Pontiac is a brand of automobile that is part of the General Motors group. In the GM brand lineup, Pontiac is a mid-level brand marketed in a way to promote a more sporting, aggressive, youthful feel to its advertising.
The Pontiac automobile line was introduced by General Motors in 1926 as a lower-priced version of their Oakland Motor Car line.
The Pontiac Logo was originally meant to represent an Indian (Native American) arrow-head, and early slang for the vehicle was to call it an Indian. Also an Indian/Headdress logo was used for a while.
The Pontiac GTO, originally an option on their LeMans/Tempest body, a GM A-body car, famously with their Tri-Power setup of three two-barrel carburetors. GM was weary of putting a full-sized engine in a compact car, and the GTO struggled against this its whole life; however doing so launched the era of muscle car.
The Pontiac Firebird was an F-Body car that closely mirrored the styling and motor offerings of the LeMans/Tempest cars, but in a smaller, sportier platform, and usually a smaller engine. This body style was shared with the Camaro, but until the advent of the unified GM engine, they were completely different beasts.
Just about the time that these muscle cars were getting big attention, emissions regulations and oil shortages quickly ground them to a halt. While production first started in the late 1950s, it did not hit its stride until the late 1960s. By 1972, few were left on the market.
Pontiac's Second Generation V-8 engines were nearly identical, allowing many parts to interchange from its advent in 1958 to its demise in 1979. Sizes ranged from 326 cid to 455 cid. There were only a few oddballs such as the 301 that relied on a different engine block. This similarity makes rebuilding these engines particularly easy, as almost any Pontiac engine you can find will contain useful parts.
See Pontiac V8 Engine
All Pontiac Motor Division (PMD) engines (pre 1980 unified GM) were designed around a low-RPM/high-torque model, as opposed to the ubiquitous Chevy Small Block known for its smaller displacement and high-RPM/high-horsepower design. Those who argue that the Chevy is better because it is more "powerful" know not what they are talking about, as each engine may be harnessed in different ways to achieve the same times in a drag race. It is also worth noting that the early Chevy engines were budget engines with poor quality metals in the block requiring extra bolts and support to keep from flying apart, while the other GM divisions used a much higher quality of metal.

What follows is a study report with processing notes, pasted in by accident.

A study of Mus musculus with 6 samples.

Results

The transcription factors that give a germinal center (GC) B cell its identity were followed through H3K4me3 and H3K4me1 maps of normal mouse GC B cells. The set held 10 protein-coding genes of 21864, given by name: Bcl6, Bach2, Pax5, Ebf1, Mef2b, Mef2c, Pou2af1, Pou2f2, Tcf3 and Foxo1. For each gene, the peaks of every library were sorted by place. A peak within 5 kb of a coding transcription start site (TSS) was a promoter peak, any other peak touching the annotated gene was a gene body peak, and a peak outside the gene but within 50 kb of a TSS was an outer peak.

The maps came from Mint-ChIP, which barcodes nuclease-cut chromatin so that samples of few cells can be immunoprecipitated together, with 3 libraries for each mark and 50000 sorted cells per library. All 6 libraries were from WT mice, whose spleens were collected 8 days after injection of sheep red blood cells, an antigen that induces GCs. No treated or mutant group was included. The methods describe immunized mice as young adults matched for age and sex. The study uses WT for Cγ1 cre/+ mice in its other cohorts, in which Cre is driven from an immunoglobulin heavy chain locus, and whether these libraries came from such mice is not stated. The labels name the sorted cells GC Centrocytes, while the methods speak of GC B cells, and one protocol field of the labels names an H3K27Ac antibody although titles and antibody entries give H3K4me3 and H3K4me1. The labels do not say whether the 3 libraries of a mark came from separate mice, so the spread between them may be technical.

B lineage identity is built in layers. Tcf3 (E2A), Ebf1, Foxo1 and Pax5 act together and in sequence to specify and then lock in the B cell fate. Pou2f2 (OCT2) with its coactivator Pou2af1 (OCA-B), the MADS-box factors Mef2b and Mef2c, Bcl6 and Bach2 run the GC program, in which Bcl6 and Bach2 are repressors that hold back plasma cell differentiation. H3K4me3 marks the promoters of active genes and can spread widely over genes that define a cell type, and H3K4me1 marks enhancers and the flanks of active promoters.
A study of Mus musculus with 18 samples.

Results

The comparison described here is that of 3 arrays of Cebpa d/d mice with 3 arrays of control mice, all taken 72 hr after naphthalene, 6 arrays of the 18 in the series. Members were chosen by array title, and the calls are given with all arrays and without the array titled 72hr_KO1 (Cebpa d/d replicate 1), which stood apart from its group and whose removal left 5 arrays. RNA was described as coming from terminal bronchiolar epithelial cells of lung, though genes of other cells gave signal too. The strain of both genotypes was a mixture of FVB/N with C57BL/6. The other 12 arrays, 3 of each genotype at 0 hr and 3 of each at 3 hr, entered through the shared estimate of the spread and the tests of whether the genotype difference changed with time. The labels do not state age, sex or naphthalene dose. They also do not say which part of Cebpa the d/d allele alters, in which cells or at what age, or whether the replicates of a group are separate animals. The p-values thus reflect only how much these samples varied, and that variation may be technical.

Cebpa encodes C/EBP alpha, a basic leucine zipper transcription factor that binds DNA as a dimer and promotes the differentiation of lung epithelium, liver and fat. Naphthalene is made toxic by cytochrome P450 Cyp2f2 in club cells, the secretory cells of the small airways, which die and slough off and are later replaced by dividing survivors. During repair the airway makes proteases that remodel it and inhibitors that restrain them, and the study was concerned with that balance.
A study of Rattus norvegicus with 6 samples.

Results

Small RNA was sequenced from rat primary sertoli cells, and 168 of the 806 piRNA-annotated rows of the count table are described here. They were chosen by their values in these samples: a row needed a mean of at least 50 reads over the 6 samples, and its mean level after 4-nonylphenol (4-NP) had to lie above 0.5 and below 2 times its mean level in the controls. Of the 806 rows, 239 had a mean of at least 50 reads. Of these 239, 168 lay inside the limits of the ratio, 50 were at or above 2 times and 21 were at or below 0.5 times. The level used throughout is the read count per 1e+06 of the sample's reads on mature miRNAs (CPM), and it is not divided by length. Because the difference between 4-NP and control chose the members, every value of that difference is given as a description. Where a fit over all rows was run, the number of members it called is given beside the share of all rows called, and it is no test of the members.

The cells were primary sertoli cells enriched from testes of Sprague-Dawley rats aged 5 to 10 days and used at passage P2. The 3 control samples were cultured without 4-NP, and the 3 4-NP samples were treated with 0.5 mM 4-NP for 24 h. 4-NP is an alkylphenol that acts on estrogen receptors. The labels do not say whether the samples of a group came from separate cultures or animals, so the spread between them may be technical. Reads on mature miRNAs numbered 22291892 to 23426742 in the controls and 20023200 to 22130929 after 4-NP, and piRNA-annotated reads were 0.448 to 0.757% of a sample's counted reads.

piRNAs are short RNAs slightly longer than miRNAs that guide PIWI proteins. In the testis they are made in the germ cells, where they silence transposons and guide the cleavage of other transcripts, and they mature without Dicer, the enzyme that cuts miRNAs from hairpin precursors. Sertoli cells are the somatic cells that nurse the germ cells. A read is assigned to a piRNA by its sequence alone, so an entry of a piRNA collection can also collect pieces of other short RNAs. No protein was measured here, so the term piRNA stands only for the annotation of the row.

PMD engines were unique for their rear distributer, integrated water pump and timing chain cover, and separate valley pan and intake.
PMD originally used Rochester 1bbl carburetors for many years, but by the time of the second generation engines had switched mostly to the 2bbl offerings. These were the basis for the Tri-Power setups on the engines.
Tri-Power included one center carburetor with idle control and two end carburetors that were not to open until part throttle. This was accomplished two ways, mechanically for the manual transmission models, and via a vacuum-switch on the automatics. This went through various permutations before being banned by GM.
PMD also had a square-bore 4bbl at the time, but this was rated at a lower horsepower then the Tri-Power. This carburetor was later replaced by the Quadrajet , a spread bore. Spread-bore refers to either the distance between the primaries or to the difference in sizes between the primaries and secondaries.
By the end of the Muscle Car era, the Quadrajet had become the nearly-ubiquitous choice on PMD engines, due to its excellent economy and power characteristics. While it has been derided by many as a poor performer, many have shown that with proper understanding, it can compete at most levels with other designs.
Similar carburetors include the Thermoquad and the Q-jet. This design proved good enough to last well into the eighties with emissions modifications while most others carburetors were dropped for the easier to build fuel injection when economy mattered.